Saturday, March 31, 2012
Have you ever heard the term "Pandrogyny"? Neither had I until I saw the documentary film The Ballad of Genesis and Lady Jaye.
Filmmaker Marie Losier documents this unusual love affair between an underground, industrial music front man/woman - Genesis Breyer P-Orridge and his/her better half - Lady Jaye. The two meet through a mutual dominatrix acquaintance and fall madly in love. So in love that Genesis and Lady Jaye decide rather than having a child (of which Genesis has two from a previous relationship) they would reform themselves into each other and therefore, symbolically, create one new person = Pandrogyny.
The idea sounds like sick, obsessive love, yet strangely that does not come across in the film. I suppose it's because both were avant-garde performance artists in their own right before meeting; so their decision to get plastic surgery to resemble each other, fell in line with the boundary pushing way of life they believed in.
The problem with the experiment - Genesis was already heading in the transsexual direction, a he more comfortable as a she. But Lady Jaye wasn't trying to look like a man; so although they both get plastic surgery (and breast implants as Valentine's Day gifts) there's no marked difference in Lady Jaye's appearance. It's really just Genesis (mid 50's) trying to look like Lady Jaye (early 30's), creating a fail on Pandrogyny in terms of aesthetics.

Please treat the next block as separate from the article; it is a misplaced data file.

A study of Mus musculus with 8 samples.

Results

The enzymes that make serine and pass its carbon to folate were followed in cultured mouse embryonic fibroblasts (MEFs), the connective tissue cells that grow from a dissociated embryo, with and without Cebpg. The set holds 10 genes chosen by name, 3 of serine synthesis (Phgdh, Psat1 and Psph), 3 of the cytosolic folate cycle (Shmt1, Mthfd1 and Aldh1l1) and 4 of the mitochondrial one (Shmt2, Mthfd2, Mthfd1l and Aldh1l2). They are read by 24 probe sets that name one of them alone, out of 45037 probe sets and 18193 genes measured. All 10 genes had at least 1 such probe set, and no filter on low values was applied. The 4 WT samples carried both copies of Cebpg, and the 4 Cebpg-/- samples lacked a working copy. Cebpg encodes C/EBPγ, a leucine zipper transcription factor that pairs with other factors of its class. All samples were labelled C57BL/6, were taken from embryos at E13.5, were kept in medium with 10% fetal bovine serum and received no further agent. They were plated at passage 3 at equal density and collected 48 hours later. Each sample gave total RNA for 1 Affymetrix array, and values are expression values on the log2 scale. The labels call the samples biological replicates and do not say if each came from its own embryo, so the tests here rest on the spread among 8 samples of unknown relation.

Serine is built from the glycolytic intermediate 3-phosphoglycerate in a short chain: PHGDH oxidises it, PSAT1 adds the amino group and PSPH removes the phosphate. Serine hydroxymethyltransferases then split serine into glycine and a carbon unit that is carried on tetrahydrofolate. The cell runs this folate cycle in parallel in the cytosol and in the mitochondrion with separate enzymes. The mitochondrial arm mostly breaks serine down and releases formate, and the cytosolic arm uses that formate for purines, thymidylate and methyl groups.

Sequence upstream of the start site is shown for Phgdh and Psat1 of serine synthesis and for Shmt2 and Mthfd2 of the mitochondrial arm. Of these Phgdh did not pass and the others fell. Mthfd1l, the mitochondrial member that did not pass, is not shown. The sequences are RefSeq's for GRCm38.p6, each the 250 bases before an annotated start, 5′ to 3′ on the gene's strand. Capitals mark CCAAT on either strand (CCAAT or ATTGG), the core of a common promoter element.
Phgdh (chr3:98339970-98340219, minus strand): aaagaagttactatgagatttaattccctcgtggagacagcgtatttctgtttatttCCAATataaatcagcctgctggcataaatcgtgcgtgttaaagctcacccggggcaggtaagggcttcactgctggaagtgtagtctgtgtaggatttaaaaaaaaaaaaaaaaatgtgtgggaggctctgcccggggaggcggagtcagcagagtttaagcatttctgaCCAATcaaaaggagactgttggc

I was watching an interview with the director Marie Losier who met Genesis by chance at a gallery opening in Soho and was later introduced to Lady Jaye who chose Losier to be their documentary filmmaker. The three became very close friends and Losier had complete access to the couple on tour, through transformation and in their everyday lives - yet there's not a lot of footage: the plastic surgery aspect is a quick montage; there's far too many scenes of the band performing on tour; and yes, Lady Jaye does unexpectedly die during the making of the film, but that doesn't account for the fact that before her demise, she is not very vocal or filmed nearly as often as Genesis.
Perhaps this was by design to give the film additional mystique, as Lady Jaye's presence was somehow ethereal and oddly compelling. It would not have surprised me at all to see her ghostly image waft by in a posthumous cameo at the end of the film.